Partial Lunar Eclipse — October 28-29, 2023

Partial Lunar Eclipse - 10.28.2023

Partial Lunar Eclipse - 10.28.2023The Hunter’s full moon brings a fun event today during the night (18:01–22:26 UTC/GMT or 2:01 p.m.–6:26 p.m. ET) for those in Europe, Africa, most of Asia, and western Australia.

🌞🌍🌕 Earth casts a shadow on the Moon – A lunar eclipse.

This is a partial lunar eclipse. For this one, only a small part of the Moon will enter Earth’s umbral shadow, the dark part. For most of the time, the eclipse will be a penumbral eclipse where only the outer shadow (the penumbra) hits the Moon. This means that there will be a little bit of darkening of the moon from Earth’s penumbral shadow but most will be a very faint change on an edge of the Moon from Earth’s penumbral shadow.

So this is not a ton of action. But maybe some will feel it? 🤔⁉️😎

October 28, 2023 Partial Lunar Eclipse Visibility Map. CREDIT: Dominic Ford,

October 28, 2023 Partial Lunar Eclipse Visibility Map. CREDIT: Fred Espenak

During a lunar eclipse, Earth gets in the way of the sun’s light hitting the moon. That means that during the night, a full moon fades away as Earth’s shadow covers it up.

Lunar Eclipse Diagram

Credit: Rice Space Institute

A Penumbral Lunar Eclipse occurs when the Moon passes through Earth’s penumbra. The penumbra causes a subtle dimming of the lunar surface, which is only visible to the naked eye when about 70% of the Moon’s diameter has been immersed into Earth’s penumbra.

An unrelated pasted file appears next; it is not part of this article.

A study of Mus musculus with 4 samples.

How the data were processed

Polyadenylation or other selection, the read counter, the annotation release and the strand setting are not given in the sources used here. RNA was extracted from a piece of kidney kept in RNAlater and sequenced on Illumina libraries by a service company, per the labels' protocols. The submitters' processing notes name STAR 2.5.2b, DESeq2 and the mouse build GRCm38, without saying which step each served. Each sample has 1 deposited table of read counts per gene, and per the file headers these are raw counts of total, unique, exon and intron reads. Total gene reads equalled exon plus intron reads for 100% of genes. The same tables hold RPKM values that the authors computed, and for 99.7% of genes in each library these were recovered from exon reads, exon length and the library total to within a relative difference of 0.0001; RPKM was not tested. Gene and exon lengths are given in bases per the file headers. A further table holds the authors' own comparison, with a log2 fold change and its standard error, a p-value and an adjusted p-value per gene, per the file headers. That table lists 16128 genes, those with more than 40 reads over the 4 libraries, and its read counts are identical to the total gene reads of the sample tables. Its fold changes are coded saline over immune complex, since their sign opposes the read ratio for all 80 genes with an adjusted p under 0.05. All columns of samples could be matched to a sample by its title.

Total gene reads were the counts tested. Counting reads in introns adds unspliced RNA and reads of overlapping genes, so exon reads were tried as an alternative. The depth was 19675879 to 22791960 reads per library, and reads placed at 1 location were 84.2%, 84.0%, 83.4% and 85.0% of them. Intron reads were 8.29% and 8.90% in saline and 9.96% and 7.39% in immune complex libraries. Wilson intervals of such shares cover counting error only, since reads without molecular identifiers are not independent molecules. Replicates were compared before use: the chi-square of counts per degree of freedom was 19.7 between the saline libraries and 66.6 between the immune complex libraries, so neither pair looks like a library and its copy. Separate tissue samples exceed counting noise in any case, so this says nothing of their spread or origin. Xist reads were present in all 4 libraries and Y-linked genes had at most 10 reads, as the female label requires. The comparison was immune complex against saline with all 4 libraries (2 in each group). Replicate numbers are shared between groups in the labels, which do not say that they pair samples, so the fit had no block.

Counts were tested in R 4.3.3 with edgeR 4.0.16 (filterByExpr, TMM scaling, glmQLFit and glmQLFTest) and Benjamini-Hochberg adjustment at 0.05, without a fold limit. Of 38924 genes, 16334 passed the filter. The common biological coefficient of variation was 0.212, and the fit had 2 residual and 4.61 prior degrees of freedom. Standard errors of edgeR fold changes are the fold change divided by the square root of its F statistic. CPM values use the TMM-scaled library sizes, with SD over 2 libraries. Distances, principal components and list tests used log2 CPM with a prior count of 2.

A special type of penumbral eclipse is a total penumbral lunar eclipse, during which the Moon lies exclusively within Earth’s penumbra. Total penumbral eclipses are rare, and when these occur, the portion of the Moon closest to the umbra may appear slightly darker than the rest of the lunar disk.

The October 28, 2023 eclipse is a “partial lunar eclipse” because only a small part of the Moon enters Earth’s darker umbral shadow.

Find Out More About Lunar Eclipses

Livestreams for the October 28, 2023 partial lunar eclipse livestream

The Virtual Telescope Project

Eclipse Season

This is the second eclipse of the October eclipse season for 2023. Every year we get a collection of 4 to 7 eclipses somewhere on Earth, either lunar, solar, partial, or total. The first eclipse was the October 14, 2023 annular solar eclipse.

These eclipses come in seasons, a 35-day period with typically two eclipses, sometimes three. There are usually two seasons per year. This is the first of two seasons for 2023.

Enjoy, and there will be more to come!

For the second eclipse season, we have an annular solar eclipse on October 14, 2023, and this partial lunar eclipse on October 28-29, 2023.

The first eclipse season for 2023 was the April/May period beginning with the April 20, 2023 hybrid solar eclipse and ending with the May 5, 2023 deep penumbral lunar eclipse.